Barbershops hold a unique place in the culture of African-American men. More than just a place to get a haircut, the barbershop is a combination of a town square and a social club, where the men laugh and sort out the news of the day.
Researchers recently tapped into this familiarity for a project targeting high blood pressure levels among black men. Other efforts have had success when barbers with a predominately black clientele set up blood pressure testing equipment in the shops and suggested the men see a doctor if their readings were high. This time, the team enlisted pharmacists who went to 52 Los Angeles barbershops not just to test the men, but also to treat them.
The 319 participating men were separated into two groups, some who saw a pharmacist and others who were given pamphlets and tips on how to lower their blood pressure. The results, published in The New England Journal of Medicine, revealed that the men who saw the pharmacists had, on average, a 27-point drop in their blood pressure in six months. Those who were only given advice saw their rates fall on average nine points.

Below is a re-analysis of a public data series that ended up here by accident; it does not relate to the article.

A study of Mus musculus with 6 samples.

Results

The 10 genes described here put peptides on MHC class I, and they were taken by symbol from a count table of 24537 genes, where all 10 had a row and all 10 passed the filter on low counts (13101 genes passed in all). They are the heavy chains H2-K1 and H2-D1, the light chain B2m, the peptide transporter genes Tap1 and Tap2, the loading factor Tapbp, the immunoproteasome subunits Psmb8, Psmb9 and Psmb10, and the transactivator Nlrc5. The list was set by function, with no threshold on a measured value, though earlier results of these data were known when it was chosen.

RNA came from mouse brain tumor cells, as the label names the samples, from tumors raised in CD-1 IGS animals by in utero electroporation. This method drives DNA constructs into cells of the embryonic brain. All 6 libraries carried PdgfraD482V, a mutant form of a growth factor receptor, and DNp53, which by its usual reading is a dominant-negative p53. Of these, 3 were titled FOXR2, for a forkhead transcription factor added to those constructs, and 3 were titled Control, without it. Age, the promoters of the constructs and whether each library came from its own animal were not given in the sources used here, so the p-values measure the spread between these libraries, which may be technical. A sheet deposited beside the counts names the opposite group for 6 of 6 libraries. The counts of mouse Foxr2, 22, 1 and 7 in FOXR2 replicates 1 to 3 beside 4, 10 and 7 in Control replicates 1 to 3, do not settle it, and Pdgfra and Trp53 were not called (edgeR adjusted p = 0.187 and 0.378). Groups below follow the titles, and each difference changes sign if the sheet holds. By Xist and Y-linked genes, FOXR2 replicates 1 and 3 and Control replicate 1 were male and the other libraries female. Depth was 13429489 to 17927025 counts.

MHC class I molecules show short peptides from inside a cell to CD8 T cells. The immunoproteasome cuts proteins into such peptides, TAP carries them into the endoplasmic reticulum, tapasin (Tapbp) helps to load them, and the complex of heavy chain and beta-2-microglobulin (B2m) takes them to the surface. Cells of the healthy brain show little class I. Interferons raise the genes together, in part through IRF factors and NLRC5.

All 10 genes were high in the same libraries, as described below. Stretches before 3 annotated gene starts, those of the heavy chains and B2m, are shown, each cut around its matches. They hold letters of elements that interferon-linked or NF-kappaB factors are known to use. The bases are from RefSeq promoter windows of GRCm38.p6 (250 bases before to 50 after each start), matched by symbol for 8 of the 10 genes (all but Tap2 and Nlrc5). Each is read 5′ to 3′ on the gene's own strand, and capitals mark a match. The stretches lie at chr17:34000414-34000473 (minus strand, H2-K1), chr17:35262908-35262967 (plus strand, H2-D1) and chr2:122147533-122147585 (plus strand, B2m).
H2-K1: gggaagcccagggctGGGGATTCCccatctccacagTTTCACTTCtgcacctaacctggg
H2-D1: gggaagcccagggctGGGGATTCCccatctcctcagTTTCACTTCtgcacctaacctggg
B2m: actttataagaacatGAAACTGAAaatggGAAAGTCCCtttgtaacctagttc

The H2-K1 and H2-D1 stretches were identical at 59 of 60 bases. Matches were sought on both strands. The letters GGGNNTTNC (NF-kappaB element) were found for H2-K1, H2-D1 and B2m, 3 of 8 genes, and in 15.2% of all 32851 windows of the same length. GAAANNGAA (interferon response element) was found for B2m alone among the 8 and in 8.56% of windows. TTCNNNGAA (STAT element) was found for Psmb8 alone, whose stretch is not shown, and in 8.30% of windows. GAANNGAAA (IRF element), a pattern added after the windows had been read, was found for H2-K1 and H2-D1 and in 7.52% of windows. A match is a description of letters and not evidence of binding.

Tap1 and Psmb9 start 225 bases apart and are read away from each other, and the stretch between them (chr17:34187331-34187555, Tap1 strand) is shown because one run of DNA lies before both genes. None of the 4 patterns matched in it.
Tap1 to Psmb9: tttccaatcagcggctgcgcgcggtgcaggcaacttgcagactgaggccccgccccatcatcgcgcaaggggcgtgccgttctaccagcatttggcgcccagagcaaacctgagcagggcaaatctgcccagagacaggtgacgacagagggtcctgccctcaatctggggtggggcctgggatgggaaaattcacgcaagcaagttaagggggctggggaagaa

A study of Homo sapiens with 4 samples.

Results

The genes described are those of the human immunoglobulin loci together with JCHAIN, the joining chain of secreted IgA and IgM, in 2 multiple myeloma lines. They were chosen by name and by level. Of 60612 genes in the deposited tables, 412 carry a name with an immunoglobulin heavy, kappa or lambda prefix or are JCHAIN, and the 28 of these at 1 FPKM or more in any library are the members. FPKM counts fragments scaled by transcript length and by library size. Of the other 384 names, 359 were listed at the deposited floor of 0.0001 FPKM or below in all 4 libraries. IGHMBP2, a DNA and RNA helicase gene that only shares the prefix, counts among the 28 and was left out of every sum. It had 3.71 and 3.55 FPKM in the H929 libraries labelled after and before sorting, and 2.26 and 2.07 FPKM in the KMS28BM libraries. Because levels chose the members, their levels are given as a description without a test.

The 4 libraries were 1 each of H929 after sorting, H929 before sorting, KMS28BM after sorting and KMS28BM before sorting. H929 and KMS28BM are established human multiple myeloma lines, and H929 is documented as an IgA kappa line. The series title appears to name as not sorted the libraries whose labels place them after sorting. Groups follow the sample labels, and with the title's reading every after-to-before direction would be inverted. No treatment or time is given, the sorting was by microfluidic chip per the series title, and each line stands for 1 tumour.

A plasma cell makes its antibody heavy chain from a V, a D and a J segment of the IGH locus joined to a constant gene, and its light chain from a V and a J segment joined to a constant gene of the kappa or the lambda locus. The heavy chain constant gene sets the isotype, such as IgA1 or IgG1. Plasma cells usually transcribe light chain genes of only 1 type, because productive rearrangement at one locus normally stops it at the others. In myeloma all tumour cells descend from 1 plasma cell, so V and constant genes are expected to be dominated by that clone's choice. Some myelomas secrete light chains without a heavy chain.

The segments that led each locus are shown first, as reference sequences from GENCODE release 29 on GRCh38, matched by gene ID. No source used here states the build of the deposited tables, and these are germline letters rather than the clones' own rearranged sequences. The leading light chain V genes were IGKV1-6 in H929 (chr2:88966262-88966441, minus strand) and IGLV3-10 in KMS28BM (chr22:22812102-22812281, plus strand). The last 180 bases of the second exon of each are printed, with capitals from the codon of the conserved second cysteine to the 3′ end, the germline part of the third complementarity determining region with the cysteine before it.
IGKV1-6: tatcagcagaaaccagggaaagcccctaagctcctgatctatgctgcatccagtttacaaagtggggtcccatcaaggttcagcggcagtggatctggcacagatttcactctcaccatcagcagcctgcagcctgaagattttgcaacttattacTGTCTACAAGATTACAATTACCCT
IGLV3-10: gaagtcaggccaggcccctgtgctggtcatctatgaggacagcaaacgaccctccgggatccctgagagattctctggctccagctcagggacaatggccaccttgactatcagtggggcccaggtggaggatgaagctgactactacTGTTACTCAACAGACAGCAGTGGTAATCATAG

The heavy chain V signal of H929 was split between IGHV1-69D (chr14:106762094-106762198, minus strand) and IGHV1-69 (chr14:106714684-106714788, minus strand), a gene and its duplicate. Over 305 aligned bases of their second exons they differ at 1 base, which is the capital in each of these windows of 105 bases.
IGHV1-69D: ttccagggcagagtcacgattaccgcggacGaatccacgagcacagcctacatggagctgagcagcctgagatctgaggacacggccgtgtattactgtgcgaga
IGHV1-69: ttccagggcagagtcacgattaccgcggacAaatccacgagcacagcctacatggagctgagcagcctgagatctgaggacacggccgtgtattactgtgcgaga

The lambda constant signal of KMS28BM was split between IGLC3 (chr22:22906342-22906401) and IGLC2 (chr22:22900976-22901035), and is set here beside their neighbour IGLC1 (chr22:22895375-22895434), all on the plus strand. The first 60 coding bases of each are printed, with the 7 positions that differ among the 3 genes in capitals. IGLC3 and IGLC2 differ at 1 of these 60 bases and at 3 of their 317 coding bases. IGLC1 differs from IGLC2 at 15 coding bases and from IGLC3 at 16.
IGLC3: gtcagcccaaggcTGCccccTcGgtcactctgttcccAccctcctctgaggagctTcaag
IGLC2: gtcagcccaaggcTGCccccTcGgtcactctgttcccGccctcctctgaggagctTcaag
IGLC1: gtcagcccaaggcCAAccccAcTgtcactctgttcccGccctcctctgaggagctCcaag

Working with the participants’ doctors, the pharmacists prescribed drugs that the clients’ insurance plans would cover. They also used the customers’ loyalty to their barbers to continue the care, as the men typically visited the shops twice a month.
The results, the researchers said, could lead to fewer heart attacks, strokes and deaths as well as lower health care costs.
Churches, beauty salons and nail salons can also serve as venues for medical interventions and screenings. The key, the scientists said, is to have a trusted place where customers feel comfortable.